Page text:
The case of Rustenburg Platinum Mines Limited v UASA obo Pietersen and Others (JR641/2016)  ZALCJHB 72 is a case that reflects and confirms the conflation that often exists and persists between employment law and issues of society at large, such as victimisation, discrimination, fairness, gender issues and constitutionalism.
This case related to a review application brought against the decision of a commissioner who found that the employee had made sexual advances towards the victim, however the victim’s “docile” conduct encouraged him to do so and as such it did not amount to unwanted sexual harassment.
The victim had suffered unwanted sexual advances from the employee for an enduring period. The employee was in a senior position to the victim and relied on his position of authority whenever the victim would not comply with his advances.
He offered to help pay for the victim’s expenses at one point, so that they could sleep together. He also suggested to the victim that they attend training together so that they are given an opportunity to sleep together. He even shared a test memorandum with her for a job/promotion that the victim had intended applying for. When the victim WhatsApped the employee to tell him that she will be reporting his behaviour, he assisted in suspending her and arranging a disciplinary hearing.
In the CCMA, the employee was the only person who testified for his case, while the victim called four other witnesses to testify on her behalf. The witnesses testified that the victim had on previous occasions confided in them about her perils and expressed to them why she felt uncomfortable and “not free” to report the incidents.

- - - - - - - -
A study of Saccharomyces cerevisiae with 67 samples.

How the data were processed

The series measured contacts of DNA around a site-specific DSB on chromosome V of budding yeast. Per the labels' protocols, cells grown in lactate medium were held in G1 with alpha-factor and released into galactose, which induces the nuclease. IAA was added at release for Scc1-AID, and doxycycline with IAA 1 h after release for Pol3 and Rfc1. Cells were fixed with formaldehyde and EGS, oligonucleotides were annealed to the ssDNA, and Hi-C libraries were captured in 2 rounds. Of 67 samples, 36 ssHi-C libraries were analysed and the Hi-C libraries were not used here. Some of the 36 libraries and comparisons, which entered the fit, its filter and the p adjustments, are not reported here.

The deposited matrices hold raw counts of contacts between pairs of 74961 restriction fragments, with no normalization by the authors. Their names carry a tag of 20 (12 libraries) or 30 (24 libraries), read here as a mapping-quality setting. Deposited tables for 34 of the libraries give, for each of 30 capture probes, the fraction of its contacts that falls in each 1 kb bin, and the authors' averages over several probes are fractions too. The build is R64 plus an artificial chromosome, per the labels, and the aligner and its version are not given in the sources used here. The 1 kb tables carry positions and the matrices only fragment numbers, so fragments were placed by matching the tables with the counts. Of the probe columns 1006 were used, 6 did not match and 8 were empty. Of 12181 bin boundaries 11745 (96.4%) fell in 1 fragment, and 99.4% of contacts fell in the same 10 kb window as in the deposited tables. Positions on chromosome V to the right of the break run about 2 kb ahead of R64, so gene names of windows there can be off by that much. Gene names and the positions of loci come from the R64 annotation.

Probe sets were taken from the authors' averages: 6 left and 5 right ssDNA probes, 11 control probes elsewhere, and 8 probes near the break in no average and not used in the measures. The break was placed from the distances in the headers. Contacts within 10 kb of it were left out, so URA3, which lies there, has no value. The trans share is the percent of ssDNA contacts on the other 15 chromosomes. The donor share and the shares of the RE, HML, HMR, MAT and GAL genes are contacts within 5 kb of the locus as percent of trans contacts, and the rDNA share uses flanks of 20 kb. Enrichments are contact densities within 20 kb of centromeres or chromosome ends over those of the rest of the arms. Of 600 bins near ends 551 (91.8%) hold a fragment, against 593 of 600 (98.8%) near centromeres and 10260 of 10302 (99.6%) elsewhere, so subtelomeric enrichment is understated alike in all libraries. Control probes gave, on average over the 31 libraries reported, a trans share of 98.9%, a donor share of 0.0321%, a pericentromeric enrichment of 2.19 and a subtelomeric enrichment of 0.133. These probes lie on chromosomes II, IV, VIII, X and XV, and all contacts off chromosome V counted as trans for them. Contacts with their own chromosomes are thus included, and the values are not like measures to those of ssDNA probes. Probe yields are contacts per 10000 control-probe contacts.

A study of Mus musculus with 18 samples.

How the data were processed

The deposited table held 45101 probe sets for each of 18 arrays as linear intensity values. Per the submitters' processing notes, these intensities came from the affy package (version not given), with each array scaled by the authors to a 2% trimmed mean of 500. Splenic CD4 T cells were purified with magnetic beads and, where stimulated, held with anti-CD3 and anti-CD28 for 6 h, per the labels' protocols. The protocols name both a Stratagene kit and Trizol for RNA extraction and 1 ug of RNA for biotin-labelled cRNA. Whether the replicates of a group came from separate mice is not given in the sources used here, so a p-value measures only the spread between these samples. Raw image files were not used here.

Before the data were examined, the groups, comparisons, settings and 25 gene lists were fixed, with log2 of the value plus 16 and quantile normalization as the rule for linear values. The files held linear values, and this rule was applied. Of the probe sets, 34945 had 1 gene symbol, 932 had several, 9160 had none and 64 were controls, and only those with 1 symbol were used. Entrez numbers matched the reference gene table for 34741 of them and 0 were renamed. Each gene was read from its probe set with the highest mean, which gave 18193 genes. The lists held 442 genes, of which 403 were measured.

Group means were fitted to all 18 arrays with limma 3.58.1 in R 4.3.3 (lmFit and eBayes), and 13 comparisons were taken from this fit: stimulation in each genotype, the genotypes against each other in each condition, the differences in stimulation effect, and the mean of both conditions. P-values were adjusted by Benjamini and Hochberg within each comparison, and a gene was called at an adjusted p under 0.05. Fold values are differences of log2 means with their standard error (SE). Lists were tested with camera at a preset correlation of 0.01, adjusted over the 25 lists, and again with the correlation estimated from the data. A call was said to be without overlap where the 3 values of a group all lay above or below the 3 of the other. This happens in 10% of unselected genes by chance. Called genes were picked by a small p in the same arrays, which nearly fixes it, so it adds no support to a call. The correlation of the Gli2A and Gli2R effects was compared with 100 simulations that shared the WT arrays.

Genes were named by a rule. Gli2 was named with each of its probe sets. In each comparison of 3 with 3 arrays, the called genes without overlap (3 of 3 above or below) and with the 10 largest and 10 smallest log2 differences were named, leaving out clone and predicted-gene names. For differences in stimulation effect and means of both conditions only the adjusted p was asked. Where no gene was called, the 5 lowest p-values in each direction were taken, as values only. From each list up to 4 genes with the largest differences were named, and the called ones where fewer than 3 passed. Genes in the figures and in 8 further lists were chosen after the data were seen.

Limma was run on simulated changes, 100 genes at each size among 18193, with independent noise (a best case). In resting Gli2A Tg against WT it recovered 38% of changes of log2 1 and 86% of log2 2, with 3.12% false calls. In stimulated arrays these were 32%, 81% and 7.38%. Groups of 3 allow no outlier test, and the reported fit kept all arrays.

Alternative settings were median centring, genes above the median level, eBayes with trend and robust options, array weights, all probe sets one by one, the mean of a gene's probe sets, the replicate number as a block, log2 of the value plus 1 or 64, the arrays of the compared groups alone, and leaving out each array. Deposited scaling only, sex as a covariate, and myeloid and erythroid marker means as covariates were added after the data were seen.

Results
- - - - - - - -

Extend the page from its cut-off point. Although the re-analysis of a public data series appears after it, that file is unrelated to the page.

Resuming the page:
In the case of Campbell Scientific Africa (Pty) Ltd v Simmers and Others (CA 14/2014)  ZALCCT 62 (23 October 2015), Savage JA held:
“At its core, sexual harassment is concerned with the exercise of power and in the main reflects the power relations that exist both in society generally and specifically within a particular workplace. While economic power may underlie many instances of harassment, a sexually hostile working environment is often less about the abuse of real economic power, and more about the perceived societal power of men over women. This type of power abuse often is exerted by a (typically male) co-worker and not necessarily a supervisor.”
The codes of good practice for s exual harassment essentially lay out what commissioners must look out for when determining s exual harassment cases. In this instance, the commissioner was of the view that if any of the elements outlined in the 1998 code of good practice: sexual harassment is “lacking” no sexual harassment would have occurred. The commissioner placed specific emphasis on whether the employee must have been aware or should have reasonably been aware that his conduct was unwanted by and deemed offensive to the complainant. In considering this point, the Labour Court held that it could not have been the intention of the drafters of the code of good practice that one factor should be considered more important than another. The absence of one factor does not mean that sexual harassment did or did not occur. Commissioners are obliged to consider the impact of the sexual conduct of the employee.
We live in a time where victimisation of women cannot go without scrutiny and due consideration. Accordingly, in the Labour Court’s view “For the Commissioner therefore to not to have found anything wrong in the inappropriate advances made by [the employee]…and to merely treat them as actions of someone love-struck, or “proposing love” is worrying in the extreme.” The harassed employee had no obligation to say no unambiguously when she was in a junior position to the employee. It was also clear that there was no reciprocation and that is enough.
Employers and employees alike should remain aware of the fact that women continue to be harassed and victimised and that courts will not be willing to tolerate that behaviour.